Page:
Spec 2018: Slack lets developers build and test apps inside desktop client

Collaboration firm adds new tools to make it easier to build Slack apps

Slack logo

Slack has announced a suite of new developer tools, as part of a range of platform changes designed to foster the growth of its app ecosystem.

The new features will make it much quicker and easier for developers to build and test Slack apps within Slack itself, according to the company's head of developer relations, Bear Douglas.


Reference documents are also easier to access. Developers can now search them via a Slack command, and they can then be read within the Slack client, or the longer-form version can be accessed by clicking out to Slack's website.

The changes were announced as part of Spec 2018, the company's inaugural annual conference for developers, customers and partners.

Alongside these developer tools, the company is also launching some new features designed to make Slack apps more visible for everyday users. The most prominent is App Actions - a framework for adding third-party app integrations to the three-dot menu that currently houses functions including pinning messages to channels and marking them as unread.


Power users of Slack will likely be aware that these kinds of integrations already exist, in the form of Slack commands. These already allow users to interact with third-party services in a number of ways, such as adding tasks to project management tools, sharing files from cloud storage platforms, and more.

In fact, Douglas told IT Pro that the new App Actions don't actually add any new functionality that wasn't already offered by Slack commands, but emphasised that they provide a much more intuitive and user-friendly way to access these capabilities, pointing out that while developers and techies are inherently familiar with using slash-based commands thanks to tools like IRC, most line-of-business users are much more used to contextual menu systems.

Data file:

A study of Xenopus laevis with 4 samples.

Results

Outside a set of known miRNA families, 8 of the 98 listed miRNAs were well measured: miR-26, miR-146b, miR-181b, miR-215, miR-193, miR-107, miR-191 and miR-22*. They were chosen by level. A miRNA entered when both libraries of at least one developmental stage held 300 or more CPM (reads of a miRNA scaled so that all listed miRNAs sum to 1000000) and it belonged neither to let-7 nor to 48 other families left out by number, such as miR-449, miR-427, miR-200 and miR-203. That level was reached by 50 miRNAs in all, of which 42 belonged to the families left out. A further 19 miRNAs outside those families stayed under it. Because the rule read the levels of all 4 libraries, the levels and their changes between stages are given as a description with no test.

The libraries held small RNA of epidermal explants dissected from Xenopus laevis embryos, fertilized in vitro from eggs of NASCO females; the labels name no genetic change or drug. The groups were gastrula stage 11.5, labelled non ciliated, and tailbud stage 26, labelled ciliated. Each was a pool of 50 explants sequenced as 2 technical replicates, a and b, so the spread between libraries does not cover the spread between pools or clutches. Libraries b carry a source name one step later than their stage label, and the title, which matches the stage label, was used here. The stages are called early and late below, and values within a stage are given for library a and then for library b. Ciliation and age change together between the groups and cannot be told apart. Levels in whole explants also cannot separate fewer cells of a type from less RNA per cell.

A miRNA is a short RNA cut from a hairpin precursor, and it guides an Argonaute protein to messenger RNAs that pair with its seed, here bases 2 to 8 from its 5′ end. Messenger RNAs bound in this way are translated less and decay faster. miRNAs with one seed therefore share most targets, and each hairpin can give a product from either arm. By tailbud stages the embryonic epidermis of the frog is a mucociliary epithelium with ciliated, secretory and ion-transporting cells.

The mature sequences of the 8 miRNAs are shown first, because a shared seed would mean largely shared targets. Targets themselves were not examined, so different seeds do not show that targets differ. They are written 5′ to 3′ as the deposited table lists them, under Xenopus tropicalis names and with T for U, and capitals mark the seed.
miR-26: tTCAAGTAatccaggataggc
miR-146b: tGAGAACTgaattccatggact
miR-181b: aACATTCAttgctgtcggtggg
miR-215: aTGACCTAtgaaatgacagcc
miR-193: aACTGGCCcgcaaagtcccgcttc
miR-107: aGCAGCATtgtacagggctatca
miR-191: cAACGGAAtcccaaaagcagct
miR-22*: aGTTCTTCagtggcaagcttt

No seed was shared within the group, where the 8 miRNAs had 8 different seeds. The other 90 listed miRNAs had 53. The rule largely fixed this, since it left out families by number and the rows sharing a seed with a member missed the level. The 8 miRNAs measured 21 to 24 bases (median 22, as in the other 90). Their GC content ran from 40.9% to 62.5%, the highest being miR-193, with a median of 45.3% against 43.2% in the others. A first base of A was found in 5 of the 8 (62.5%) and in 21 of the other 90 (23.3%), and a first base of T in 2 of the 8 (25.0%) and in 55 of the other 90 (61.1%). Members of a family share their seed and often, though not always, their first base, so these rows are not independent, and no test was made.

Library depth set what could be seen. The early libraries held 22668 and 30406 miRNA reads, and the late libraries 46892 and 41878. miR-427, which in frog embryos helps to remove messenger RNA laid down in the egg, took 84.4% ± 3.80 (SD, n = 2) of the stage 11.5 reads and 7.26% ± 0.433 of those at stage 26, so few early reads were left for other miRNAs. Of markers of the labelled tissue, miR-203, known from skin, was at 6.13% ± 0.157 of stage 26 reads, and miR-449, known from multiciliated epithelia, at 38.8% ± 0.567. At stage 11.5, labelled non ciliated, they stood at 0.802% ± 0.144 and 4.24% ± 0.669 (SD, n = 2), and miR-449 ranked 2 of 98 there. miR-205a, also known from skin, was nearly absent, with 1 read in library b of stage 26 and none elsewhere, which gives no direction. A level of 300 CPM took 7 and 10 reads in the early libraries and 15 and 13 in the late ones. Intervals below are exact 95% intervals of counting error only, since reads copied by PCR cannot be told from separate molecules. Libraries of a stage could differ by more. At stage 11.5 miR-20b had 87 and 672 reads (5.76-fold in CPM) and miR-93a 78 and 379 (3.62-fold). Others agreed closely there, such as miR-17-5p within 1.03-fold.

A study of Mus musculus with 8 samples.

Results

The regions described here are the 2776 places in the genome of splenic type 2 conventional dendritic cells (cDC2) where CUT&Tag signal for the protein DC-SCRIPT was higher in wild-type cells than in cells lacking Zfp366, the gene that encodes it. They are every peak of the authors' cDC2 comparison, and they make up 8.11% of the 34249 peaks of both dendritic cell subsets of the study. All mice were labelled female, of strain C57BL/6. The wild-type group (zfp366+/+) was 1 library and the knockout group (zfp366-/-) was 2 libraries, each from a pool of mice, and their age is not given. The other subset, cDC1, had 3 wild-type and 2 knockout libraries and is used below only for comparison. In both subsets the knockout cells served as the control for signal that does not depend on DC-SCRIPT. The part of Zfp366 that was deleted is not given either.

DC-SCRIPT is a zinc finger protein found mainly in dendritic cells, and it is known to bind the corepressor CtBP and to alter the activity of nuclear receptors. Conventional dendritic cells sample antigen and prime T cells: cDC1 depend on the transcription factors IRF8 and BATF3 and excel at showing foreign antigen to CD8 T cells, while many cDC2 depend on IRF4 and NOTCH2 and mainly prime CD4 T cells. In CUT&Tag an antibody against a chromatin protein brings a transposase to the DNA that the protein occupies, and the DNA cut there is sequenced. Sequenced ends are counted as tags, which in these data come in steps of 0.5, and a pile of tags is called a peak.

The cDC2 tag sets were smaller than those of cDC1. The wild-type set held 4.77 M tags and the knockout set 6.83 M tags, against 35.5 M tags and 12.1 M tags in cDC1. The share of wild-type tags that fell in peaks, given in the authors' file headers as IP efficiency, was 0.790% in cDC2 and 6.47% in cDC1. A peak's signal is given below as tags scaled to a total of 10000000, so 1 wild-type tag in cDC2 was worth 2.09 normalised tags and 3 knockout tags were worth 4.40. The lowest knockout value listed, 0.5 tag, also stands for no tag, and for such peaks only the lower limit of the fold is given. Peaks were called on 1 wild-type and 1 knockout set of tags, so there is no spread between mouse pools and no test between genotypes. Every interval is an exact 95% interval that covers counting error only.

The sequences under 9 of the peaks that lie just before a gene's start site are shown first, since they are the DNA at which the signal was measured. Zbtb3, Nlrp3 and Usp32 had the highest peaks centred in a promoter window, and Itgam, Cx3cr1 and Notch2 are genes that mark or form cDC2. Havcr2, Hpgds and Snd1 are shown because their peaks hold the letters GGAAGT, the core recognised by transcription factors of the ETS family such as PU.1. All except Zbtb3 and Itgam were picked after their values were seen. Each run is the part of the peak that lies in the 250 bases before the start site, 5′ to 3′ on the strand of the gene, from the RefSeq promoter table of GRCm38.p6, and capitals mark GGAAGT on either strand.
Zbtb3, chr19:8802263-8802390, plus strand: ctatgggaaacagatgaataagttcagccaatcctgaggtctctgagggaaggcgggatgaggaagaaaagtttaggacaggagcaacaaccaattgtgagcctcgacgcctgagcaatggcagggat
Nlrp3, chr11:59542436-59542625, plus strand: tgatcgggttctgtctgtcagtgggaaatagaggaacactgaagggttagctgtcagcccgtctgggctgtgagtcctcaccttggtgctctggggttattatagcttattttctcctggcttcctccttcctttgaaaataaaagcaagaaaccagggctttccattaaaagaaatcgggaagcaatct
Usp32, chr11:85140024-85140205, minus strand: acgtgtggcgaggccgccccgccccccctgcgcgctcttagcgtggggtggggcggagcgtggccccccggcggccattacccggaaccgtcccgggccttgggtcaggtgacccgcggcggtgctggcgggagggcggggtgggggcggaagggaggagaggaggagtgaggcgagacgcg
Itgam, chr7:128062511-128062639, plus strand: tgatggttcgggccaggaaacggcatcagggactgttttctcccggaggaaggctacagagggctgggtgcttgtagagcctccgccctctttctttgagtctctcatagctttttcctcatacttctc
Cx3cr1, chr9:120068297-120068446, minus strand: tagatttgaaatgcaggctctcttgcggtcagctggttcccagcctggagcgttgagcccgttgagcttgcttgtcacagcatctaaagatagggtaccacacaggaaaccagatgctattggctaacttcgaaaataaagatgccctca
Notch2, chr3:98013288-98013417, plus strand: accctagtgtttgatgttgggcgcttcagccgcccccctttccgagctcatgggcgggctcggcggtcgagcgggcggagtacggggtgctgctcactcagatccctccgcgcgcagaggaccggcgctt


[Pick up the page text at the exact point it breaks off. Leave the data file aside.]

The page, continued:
One App Action that may prove very useful is the ability to view the JSON for specific elements within Slack.

"If you see something beautiful inside Slack," Douglas said, "and you wonder 'how can I do that?', there will be an Action in that overflow menu that lets you inspect the JSON for that message. So if you want to copy something beautiful you saw, or just break it down, you can do that automatically without leaving Slack."

Making apps more attractive is something that the company is emphasising, and it will soon launch a new toolkit for modifying the UI of Slack Apps, which it is dubbing 'Block Kit'.


"They're absolutely integral. They're what makes Slack more useful than just a messaging service, and it's something that we try to make clear to our [third-party] developers: that they are key to our success," Douglas told IT Pro.

"It's really about lowering the barriers and making it easy to build Slack apps. So we're building our tooling offering all the time, and we're trying to be as responsive as possible."